By Eric Pankoke on Tue, 06/26/2012
I’ll be perfectly up front about this – while I had some interest in this application, I mainly downloaded it so I could fill in a quick survey and get a $10 iTunes card. As it turns out, even if I didn’t get my survey submitted in time to get the gift card, I’m glad I made the purchase. I don’t know how close the story is to the original book, but it’s certainly more interesting than the classic MGM film starring Judy Garland (no offense to the film, which I do enjoy). Additionally, the interactivity with the images on screen – and occasionally the words – is actually quite fun. Now I just need to let my kids look through it…
I sometimes wonder how much more reading kids would do if everyone could afford iPads and have access to ebooks like this. At any rate, the basis behind this eBook is the book “The Wonderful Wizard Of Oz” by L. Frank Baum. If you’re curious about the source you could do something novel and actually check out the book from your local library, or at least download one of the many free offerings on the App Store. The story here may be abridged (I won’t know until I’ve read the “original” version I’ve downloaded), but it certainly has more substance than the 1939 movie. I do suppose it might have been a bit hard to simulate hundreds of field mice carting the lion around back then. You can have the story read to you or read it yourself, and if you choose the latter the print is nice enough that most people shouldn’t have any trouble with it.
So why get this over a standard eBook (besides the narration, of course). Because you get to play with it! The vast majority of pages have illustrations on them, and while some of them offer nothing more than tapping a couple places to get some cute sound effects, many have quite a bit of interaction. There are even a few pages that are just graphics, and it’s almost like a challenge to see what happens when you tap on different spots. Occasionally you have the option to drag things as well, though that doesn’t happen too much. I do like the fact that there’s a high level of usability without the developers needing to resort to inserting mini-games every few pages. To me that usually ends up breaking up the flow of the story, whereas the biggest drawback here is that sometimes you might get to playing with the images and forget to actually pay attention to the tale!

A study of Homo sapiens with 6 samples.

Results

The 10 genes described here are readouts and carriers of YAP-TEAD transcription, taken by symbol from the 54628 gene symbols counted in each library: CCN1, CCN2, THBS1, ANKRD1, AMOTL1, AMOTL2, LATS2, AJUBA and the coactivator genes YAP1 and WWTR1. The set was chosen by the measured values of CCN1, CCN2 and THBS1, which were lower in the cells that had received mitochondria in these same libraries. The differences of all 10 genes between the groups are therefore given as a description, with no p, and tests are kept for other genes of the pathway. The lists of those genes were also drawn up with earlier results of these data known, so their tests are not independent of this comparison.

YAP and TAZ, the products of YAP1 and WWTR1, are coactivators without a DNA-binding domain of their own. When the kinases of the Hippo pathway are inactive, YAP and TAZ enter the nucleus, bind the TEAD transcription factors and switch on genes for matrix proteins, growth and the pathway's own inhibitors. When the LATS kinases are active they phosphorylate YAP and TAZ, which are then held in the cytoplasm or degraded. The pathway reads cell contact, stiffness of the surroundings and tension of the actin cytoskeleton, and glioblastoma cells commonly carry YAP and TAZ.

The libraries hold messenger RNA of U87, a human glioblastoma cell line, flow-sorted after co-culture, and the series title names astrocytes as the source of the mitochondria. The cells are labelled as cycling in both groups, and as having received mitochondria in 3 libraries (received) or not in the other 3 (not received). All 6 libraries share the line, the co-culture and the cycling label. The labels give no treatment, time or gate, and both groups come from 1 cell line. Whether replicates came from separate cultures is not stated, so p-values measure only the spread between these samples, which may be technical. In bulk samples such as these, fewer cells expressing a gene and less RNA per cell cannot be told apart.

I think if you spend enough time with it you will find a number of hidden treats as well. There are 15 flying monkeys scattered throughout the book, and if you find them all you will unlock a special story centered around the monkeys. Additionally, though, I did find one “Easter egg” that gave me some detailed information about the backstory of the Tin Man. I can’t believe that was a solitary instance, so I’m assuming that I’m just not very good at finding the secrets. That’s why you need to make sure you let your kids go through the book. Navigating the pages was really the boring part of everything, as you simply click an arrow in the lower left or right corners to go back or forward through the pages. With all the creativity somewhere else, I can’t believe there couldn’t have been more inspiration for the navigation.
The visuals are quite neat. They are very stylistic, and when there is animation it almost has a paper doll type of effect. The full screen images are especially striking, and also extremely fun to play with. There are sound effects scattered throughout the book, most of which are pretty decent. Music is fairly sparse, but on the occasions when you are treated to a tune it’s upbeat and also repetitive. The narration is decent if not maybe just a bit stilted. What I don’t really care for is the fact that all the voices sound feminine. It would have been nice to have men at least reading the parts of Dorothy’s three companions.
Despite purchasing this simply to get the iTunes card, I’m glad I invested in this particular eBook. Besides getting a much better appreciation for the story of Oz than the MGM movie offers, the software has kept me entertained throughout the tale. If I would have one gripe it’s that all the interaction is almost too fun, often causing me to ignore the narration so I had to go back and read the text myself. This is definitely something you should consider if you have kids or grandkids that you wish to share the trials of Dorothy and company with, but I’d also highly recommend it to anyone that is interested in a more thorough take on the original work.
Overall Score: 9/10
App Store Link
This app was reviewed on an iPad 2 running iOS 5.1.1.